Seniors have rubbished the government’s latest sweetener deal aimed at placating Australians who have been booted off the pension.
Parliament passed a government-sponsored bill last week that reinstated concession cards to 92,000 age pensioners who were stripped of their part payments in January.
Pensioners rely on these cards to claim much-needed state and territory discounts on rates, power bills and driving licenses, as well as Commonwealth-subsidised hearing services.
In addition to returning the concession cards, the bill also included a one-off payment to help ease the cost of electricity and gas for pensioners.
The payments, due from Centrelink on Tuesday, are worth $75 for single recipients and $125 per couple for those on the age, disability, parenting and DVA pension.
These were two small wins for seniors and their advocacy bodies, who rallied hard against the harshness of the new age pension assets test.
However, National Seniors, the peak body for older Australians, criticised the concession card return as “cold comfort” because the 92,000 affected pensioners won’t get the cards until October 9.
It also said the one-off energy payments would be of little help to the full age pensioners who have lost up to $5000 a year under the tougher assets test.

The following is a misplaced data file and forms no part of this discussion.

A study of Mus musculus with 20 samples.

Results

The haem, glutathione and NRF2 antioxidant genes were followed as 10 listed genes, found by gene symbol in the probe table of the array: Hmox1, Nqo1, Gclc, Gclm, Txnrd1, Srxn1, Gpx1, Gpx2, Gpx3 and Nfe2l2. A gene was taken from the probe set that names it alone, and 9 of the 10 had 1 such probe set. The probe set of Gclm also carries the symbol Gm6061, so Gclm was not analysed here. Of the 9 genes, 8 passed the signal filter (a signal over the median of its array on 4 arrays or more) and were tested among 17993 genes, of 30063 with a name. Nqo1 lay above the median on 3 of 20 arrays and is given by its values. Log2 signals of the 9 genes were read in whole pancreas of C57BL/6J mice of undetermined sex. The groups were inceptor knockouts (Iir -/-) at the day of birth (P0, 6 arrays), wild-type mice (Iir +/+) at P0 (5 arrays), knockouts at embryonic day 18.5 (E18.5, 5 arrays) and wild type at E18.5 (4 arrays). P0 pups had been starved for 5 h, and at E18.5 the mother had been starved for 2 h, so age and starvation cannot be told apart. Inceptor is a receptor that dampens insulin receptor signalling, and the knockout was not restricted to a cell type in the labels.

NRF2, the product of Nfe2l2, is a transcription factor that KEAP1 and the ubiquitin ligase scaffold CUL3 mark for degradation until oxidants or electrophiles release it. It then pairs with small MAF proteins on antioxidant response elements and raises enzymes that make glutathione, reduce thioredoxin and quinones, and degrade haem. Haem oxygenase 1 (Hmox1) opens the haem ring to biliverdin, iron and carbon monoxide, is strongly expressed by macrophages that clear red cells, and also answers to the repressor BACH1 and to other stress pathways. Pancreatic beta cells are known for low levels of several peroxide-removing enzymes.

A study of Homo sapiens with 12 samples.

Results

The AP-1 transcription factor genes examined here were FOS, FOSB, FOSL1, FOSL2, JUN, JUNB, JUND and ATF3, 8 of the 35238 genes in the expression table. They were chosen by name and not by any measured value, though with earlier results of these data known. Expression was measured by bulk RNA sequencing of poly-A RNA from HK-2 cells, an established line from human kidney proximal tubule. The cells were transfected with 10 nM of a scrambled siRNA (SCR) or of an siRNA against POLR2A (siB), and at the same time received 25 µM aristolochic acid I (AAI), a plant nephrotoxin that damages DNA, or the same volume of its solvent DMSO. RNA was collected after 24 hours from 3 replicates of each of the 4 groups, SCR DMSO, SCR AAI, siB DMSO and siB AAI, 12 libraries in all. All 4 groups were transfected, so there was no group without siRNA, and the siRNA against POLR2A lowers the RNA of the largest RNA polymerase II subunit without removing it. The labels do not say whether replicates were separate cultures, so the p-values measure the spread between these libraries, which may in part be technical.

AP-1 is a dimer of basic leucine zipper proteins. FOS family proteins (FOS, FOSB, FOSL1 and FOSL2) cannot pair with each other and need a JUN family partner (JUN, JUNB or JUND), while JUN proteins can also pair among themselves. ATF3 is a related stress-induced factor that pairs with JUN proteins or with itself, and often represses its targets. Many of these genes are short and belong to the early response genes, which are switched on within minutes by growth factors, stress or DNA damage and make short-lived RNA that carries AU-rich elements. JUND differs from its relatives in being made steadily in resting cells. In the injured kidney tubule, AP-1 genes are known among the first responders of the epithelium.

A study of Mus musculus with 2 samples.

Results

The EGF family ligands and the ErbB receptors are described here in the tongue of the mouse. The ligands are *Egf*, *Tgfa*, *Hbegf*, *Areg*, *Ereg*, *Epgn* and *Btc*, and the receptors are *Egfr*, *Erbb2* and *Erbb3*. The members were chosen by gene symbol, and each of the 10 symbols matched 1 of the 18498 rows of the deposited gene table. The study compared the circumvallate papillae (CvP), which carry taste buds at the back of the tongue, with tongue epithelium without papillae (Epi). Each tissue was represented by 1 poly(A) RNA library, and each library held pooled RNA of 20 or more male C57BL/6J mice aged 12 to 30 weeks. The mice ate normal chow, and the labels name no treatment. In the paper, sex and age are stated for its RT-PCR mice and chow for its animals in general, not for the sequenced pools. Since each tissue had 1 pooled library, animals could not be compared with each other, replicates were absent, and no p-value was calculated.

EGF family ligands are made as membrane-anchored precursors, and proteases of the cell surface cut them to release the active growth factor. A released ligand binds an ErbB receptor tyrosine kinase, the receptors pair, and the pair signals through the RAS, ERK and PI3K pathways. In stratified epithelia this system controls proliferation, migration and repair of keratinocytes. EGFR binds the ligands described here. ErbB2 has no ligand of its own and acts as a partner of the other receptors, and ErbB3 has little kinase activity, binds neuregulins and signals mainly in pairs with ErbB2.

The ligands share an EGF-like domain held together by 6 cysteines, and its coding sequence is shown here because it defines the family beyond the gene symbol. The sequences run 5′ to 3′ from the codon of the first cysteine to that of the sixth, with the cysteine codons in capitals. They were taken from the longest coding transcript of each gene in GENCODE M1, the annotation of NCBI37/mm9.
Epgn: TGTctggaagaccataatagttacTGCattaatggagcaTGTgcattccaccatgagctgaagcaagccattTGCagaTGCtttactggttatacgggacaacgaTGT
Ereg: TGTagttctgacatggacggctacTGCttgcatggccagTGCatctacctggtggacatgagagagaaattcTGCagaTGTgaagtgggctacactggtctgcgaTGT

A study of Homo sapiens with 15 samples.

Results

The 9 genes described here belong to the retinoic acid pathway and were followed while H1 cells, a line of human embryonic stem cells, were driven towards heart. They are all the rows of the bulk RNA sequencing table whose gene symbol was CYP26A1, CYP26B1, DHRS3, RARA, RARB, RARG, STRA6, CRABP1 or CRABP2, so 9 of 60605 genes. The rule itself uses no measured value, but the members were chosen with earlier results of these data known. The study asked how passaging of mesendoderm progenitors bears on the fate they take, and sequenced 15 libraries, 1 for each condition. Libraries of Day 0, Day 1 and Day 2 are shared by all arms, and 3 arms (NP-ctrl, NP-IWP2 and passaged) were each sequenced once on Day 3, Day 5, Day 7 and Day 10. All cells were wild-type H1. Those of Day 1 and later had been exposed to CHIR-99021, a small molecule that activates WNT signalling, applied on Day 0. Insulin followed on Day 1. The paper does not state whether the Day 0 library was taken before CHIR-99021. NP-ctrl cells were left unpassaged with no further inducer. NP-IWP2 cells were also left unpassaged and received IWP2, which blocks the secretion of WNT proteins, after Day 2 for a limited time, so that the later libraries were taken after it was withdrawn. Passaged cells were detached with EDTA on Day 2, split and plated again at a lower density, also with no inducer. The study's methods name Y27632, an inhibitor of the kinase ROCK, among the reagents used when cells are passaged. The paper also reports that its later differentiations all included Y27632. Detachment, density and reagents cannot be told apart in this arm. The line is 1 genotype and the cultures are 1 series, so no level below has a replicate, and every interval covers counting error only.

“The asset test change has hit many people hard since its introduction in January and we have been a vocal opponent of the severity of the changes,” National Seniors chief advocate Ian Henschke told The New Daily.
“Even those who will have their concession cards returned aren’t due to receive them until at least October this year, which means they are missing out on rebates on rates and utilities in the meantime.
“It’s shaping up as a long and hard winter for many.”
Minister for Social Services Christian Porter said the government now recognised that those who lost access to the concession card in January as a consequence of “reforms” to the asset test had suffered.
“The government recognises that the small number of people who had their part-pension cancelled have, as a consequence of losing the Pensioner Concession Card, lost access to a range of private and state and local government concessions,” he said in a statement.
“Although most of those concessions are not provided by the Commonwealth, we are restoring the pensioner concession card so they can continue to access these benefits.”
The Department of Human Services will automatically reissue the card to affected recipients on October 9.
Bob Parry, a vocal advocate for seniors who fought against the asset test changes, said the government’s backflips were inadequate compensation.
“Whilst any crumbs are better than nothing, these fail to compensate for the savage doubling of the asset test in January,” Mr Parry said.
Australia’s only remaining advocacy group specifically for pensioners – the Combined Pensioners and Superannuants Association of NSW (CPSA) – welcomed the return of the concession cards, saying it was “big news” for those affected.
“The pension concession card provides access to concessions and discounts that can add up to a couple of thousand dollars a year, so this is big news for those who lost their pension in January,” CPSA policy coordinator Ellis Blaikie said.
Ian Yates, chief executive of COTA, said he had advocated for the return of concession cards and welcomed it “as it was an unintended consequence” that ex-pensioners also lost their state government concessions.